Ursid Meteor Shower: See Around 10 Meteors Per Hour!

Meteor and stargazing enthusiasts consider December a big month, since a lot of spectacular events have been witnessed lately.  There's the super moon, then the Geminid meteor shower.   Now, it's time to get ready for yet another event. 

The Ursids Produce Hundreds Of Bursts, Only A Few Of Them Are Visible To The Naked Eye

If you are one of those who did not get a glimpse of the recent Geminid meteor shower, get ready on December 22 for another chance.  This year's Ursid shower will peak tonight, Daily Mail reported.  It usually takes place between the 17th and the 23rd of each year, but this time, it's going to be on Thursday.

The Ursids, which are associated with the comet, 8P/Tuttle, also sometimes known as Mechain-Tuttle's Comet, are a meteor shower named for its radiant point which is located near the star Beta Ursae Minoris (Kochab) in the constellation Ursa Minor.  Studies of this meteor shower began in 1945, and it is known to produce short bursts of over 100 meteors per hour. But typically it is much sparser than that.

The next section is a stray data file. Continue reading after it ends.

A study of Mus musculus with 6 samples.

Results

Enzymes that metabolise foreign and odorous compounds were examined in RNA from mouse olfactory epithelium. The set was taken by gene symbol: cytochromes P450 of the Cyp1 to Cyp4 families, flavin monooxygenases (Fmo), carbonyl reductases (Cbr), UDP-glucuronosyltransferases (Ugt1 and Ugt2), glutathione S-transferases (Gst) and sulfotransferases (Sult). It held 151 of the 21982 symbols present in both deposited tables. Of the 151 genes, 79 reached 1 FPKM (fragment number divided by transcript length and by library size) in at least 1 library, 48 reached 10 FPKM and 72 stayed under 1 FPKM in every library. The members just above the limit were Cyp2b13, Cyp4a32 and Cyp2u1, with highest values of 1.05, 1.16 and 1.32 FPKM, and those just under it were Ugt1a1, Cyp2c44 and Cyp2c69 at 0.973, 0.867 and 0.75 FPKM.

Scotland Will Be In Prime Position To See The Meteor Shower, But Americans Can Still Witness It

Notably, the Ursids almost always coincide with the winter solstice.  Compared to the Geminid meteor shower, the Ursids meteor shower is considerably lesser, which can only peak up to about a dozen or so per every hour.  The Geminid meteor shower was very prolific, with up to 120 meteors per hour, but it was largely invisible due to the full moon on the night that it peaked.

According to Mirror, those in Scotland will be in prime position to see the shooting stars.  It can be visible around midnight, and people in the U.S. will see the peak in pre-dawn hours today.